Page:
Microsoft looking at OpenAI’s GPT for Word, Outlook, and PowerPoint
Microsoft has reportedly been using OpenAI’s GPT technology to improve Outlook search results so users can find what they’re looking for without having to search using keywords in emails.
Microsoft is also said to have looked at how these AI models could suggest replies to emails or recommend document changes to improve Word users’ writing.
It’s not clear if Microsoft plans to launch these features, or if it’s just experimentation for now. Microsoft will need to customize its models for individual users without compromising their data.
The Information reports that Microsoft has been working on privacy-preserving models using GPT-3 and the as-yet-unreleased ...
...GPT-4. Microsoft researchers have reportedly achieved early successes in training large language models on private data.
Researchers have reportedly presented their Office integration work to Microsoft CEO Satya Nadella, but it’s not clear if and when these GPT- or Dall-E 2-powered models would be available in Office products.
Microsoft already uses a variety of AI in its productivity apps.
Word and PowerPoint automatically suggest image and slide deck captions using AI algorithms, Microsoft Teams uses AI to improve ...
...echo, interruptions, and acoustics, and Microsoft built an AI-powered autocomplete for code using GPT-3 two years ago.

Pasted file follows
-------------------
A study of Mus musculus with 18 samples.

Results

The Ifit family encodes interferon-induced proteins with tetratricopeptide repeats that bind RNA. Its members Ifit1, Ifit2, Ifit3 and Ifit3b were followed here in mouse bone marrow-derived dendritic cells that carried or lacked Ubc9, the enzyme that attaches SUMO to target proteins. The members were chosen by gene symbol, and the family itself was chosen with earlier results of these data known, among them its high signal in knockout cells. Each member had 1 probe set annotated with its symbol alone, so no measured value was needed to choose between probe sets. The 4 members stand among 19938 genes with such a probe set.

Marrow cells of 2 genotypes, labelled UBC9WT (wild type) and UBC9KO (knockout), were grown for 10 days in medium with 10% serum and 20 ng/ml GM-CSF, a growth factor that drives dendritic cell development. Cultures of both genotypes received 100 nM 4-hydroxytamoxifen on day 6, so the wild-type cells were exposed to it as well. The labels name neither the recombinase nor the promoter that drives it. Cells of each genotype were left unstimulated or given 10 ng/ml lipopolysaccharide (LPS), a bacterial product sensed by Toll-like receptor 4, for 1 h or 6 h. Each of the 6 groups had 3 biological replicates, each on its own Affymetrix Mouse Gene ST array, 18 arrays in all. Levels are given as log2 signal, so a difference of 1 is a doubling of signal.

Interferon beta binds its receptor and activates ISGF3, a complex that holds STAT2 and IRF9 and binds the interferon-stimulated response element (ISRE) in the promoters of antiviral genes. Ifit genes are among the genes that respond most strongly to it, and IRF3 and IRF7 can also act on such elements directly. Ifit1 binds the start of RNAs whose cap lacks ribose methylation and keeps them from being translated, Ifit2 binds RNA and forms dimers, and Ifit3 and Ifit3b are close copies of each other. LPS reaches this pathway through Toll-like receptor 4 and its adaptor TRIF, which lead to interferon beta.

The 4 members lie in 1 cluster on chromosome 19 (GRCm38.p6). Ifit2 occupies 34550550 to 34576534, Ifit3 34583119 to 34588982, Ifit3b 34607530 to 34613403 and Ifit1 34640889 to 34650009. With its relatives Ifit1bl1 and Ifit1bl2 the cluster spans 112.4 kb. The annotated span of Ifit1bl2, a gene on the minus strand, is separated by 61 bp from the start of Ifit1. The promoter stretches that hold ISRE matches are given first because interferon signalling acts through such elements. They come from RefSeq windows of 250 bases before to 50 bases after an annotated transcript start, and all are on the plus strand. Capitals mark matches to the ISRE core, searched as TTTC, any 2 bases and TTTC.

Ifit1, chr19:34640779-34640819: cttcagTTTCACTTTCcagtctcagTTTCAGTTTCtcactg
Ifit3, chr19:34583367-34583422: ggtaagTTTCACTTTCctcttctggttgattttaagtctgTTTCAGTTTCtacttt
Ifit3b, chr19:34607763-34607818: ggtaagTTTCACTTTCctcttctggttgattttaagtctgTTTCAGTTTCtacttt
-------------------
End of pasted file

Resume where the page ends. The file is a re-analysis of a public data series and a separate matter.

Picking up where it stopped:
Microsoft Editor also makes your writing better by using AI to perform spellchecking, grammar checking, and text predictions.
Microsoft purchased an exclusive license to the underlying technology behind GPT-3 in 2020 after investing $1 billion into OpenAI in 2019.
“AI is going to reinvent how you do everything on Windows,” said Panos Panay, Microsoft’s Windows and Surface chief, on stage at CES last week.
Microsoft’s Surface team has been willing to build new hardware to take advantage of AI, including the new Surface smart camera. ...
...Several members of the Surface team discussed the impact AI will have on Windows and hardware in a recent Verge interview.
If Microsoft does push ahead with GPT-powered versions of Word, Outlook, and PowerPoint then it will represent a rapid commercialization of OpenAI’s GPT models.
Bing looks set to join PowerApps (Microsoft’s first commercial use case of GPT) with its own AI-powered search results soon.